Looking out over the creeks and marshes, Bryan Russell said there is nothing more peaceful than a few hours in a kayak out on the calm waters in and around the Cherry Grove Inlet.
Russell, from the Charlotte area, said he’s been coming to kayak and fish at Cherry Grove for about two years, just before the Covid pandemic hit. He is one of thousands who come to kayak, paddleboard or just hike along the trails near the inlet every week.
The area has been a focal point in the rise of local ecotourism attractions that have exploded in recent years. Ecotourism is generally defined as any specific outdoor activity. Locally, this usually includes kayaking, paddleboarding, surfing, hiking, horseback riding and fishing.
Putting his kayak in at the Cherry Grove Heritage Preserve launch area, Russell said he loves to fish and just enjoy the serenity of the area. The Preserve launch is a very popular spot for individuals and local tourism companies as well.
Wyatt Todd, owner of Koko Pelli Surf Camp, had just assisted one of many daily kayak tour groups into the marsh for a two-hour tour. He said business has never been better for his and a number of other kayak and paddleboard companies.
“It’s been crazy,” Todd said. “We’ve been doing this for nine years and we have seen at least a 30 percent growth in business each year.”
Even during the height of the Covid pandemic, Todd said people still came to the inlet area for individual or group rentals.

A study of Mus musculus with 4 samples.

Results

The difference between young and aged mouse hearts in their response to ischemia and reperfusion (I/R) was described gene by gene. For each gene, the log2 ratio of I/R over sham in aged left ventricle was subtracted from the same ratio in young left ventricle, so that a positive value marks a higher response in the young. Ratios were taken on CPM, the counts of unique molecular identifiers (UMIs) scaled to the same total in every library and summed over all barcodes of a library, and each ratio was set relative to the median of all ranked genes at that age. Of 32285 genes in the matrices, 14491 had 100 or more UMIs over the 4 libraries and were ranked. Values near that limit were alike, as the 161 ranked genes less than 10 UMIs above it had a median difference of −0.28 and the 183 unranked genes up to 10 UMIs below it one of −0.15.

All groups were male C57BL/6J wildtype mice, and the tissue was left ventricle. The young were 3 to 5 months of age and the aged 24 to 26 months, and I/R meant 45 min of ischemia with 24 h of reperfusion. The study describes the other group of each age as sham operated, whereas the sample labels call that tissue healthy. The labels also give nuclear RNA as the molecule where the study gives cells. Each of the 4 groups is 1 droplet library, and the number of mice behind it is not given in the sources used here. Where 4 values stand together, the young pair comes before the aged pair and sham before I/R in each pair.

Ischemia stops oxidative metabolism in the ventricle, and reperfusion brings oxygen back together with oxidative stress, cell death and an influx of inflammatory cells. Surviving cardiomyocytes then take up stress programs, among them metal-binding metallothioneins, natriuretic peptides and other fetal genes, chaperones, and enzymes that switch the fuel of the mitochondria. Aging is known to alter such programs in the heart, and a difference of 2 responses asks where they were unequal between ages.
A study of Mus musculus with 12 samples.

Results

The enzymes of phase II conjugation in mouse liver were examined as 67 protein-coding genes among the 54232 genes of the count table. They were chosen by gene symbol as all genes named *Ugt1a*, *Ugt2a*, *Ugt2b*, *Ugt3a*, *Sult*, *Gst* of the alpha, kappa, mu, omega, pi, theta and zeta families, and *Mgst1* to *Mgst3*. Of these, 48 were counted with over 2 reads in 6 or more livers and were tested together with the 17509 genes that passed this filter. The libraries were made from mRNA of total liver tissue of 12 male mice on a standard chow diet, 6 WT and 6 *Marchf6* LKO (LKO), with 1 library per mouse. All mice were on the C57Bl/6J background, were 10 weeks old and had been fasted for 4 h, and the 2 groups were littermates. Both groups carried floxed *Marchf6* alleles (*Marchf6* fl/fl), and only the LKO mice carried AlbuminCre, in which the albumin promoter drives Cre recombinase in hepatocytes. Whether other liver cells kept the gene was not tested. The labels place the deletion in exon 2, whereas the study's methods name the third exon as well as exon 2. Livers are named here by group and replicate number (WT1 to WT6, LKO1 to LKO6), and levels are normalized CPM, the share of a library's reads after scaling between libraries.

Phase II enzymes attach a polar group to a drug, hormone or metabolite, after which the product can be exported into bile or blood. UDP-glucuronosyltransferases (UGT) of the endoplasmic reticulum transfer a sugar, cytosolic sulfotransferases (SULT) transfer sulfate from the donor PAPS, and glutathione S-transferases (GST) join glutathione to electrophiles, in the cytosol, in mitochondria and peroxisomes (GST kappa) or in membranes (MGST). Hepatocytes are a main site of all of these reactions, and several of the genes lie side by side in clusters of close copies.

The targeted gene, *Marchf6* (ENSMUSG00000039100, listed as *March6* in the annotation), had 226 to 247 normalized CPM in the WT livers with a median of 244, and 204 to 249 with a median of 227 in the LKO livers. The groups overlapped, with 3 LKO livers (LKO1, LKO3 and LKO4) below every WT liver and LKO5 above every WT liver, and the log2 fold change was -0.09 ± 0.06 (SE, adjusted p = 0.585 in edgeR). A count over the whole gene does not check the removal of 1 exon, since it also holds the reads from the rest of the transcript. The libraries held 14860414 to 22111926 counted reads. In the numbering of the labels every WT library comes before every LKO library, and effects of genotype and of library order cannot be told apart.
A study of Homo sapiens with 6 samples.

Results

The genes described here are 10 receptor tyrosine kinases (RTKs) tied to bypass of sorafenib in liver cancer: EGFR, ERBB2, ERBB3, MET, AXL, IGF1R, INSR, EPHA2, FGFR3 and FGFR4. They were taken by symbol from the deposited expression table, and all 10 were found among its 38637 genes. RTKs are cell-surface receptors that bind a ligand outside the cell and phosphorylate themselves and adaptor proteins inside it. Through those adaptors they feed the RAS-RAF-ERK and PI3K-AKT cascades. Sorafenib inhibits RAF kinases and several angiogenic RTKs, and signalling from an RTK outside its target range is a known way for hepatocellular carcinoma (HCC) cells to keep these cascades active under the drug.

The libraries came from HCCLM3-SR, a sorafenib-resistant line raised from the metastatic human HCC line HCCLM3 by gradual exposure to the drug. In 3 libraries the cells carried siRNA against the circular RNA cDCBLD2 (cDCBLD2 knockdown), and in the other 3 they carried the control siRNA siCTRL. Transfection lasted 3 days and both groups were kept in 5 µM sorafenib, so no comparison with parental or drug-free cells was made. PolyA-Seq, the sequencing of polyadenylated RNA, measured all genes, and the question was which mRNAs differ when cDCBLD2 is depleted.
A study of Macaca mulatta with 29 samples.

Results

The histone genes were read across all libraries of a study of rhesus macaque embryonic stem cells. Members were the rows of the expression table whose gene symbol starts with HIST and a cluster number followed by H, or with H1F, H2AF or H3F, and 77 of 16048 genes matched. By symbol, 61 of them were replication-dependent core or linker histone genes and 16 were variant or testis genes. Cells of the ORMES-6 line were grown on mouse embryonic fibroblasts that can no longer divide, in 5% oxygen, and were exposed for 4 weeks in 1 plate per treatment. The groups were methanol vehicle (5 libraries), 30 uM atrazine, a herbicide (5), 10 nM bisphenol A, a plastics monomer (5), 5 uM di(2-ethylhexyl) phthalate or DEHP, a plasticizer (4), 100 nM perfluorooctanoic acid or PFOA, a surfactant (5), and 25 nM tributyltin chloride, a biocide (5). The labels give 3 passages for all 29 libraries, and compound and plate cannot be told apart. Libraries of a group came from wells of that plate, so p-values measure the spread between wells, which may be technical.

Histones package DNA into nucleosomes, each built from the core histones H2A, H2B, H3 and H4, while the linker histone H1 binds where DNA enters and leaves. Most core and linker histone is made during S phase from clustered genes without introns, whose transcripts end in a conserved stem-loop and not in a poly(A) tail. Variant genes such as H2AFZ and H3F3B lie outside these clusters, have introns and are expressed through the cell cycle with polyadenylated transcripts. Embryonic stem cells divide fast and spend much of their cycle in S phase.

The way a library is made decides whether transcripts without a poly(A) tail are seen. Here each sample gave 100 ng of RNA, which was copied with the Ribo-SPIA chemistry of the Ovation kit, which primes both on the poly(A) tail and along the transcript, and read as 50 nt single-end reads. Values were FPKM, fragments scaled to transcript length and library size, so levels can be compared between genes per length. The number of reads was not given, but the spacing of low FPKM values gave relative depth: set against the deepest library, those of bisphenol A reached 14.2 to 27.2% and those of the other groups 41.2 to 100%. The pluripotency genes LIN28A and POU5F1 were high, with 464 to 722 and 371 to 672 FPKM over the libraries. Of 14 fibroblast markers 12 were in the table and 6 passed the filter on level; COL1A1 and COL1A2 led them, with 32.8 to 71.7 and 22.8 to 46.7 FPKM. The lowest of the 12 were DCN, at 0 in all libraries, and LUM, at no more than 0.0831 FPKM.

“Outdoor activities boomed with Covid,” he said. “People felt safer outside and now they have gotten used to it and are telling their family and friends about it.”
Todd’s company does kayak and paddleboard rentals as well as providing tours of the local marshes, creeks and Waites Island.
“It’s a great way for people to get outside, get some exercise, learn about nature and just have fun,” Todd said. “On our tours, we not only let folks kayak for a few hours but we teach them about the inlet, the marshes and the wildlife along the way.”
He added that kayaks are more popular than paddleboards though more and more are beginning to try them too.
Kayaking has become so popular that Todd says he’s having a tough time getting new equipment.
“We ordered some new ones in January and can’t get them until August,” he said.
Todd’s company is just one of six that use the same launch every day, he added.
“Everybody is seeing record numbers these days,” he said.
The Sharpe family from Ohio had read about the eco tours online and decided to give it a try.
After getting a short lecture on the do’s and don’ts of kayaking, each member put on their life jackets, picked up their paddles then slowly made their way into the creek to wait on their tour. Most of the family decided on dual kayaks to make maneuvering a little easier.
Ken Sharpe said he couldn’t think of a better way to spend a summer morning with his family than taking a kayak tour.
“We had to convince a couple of the younger ones,” he laughed. “But now they’re the most enthusiastic of the bunch.”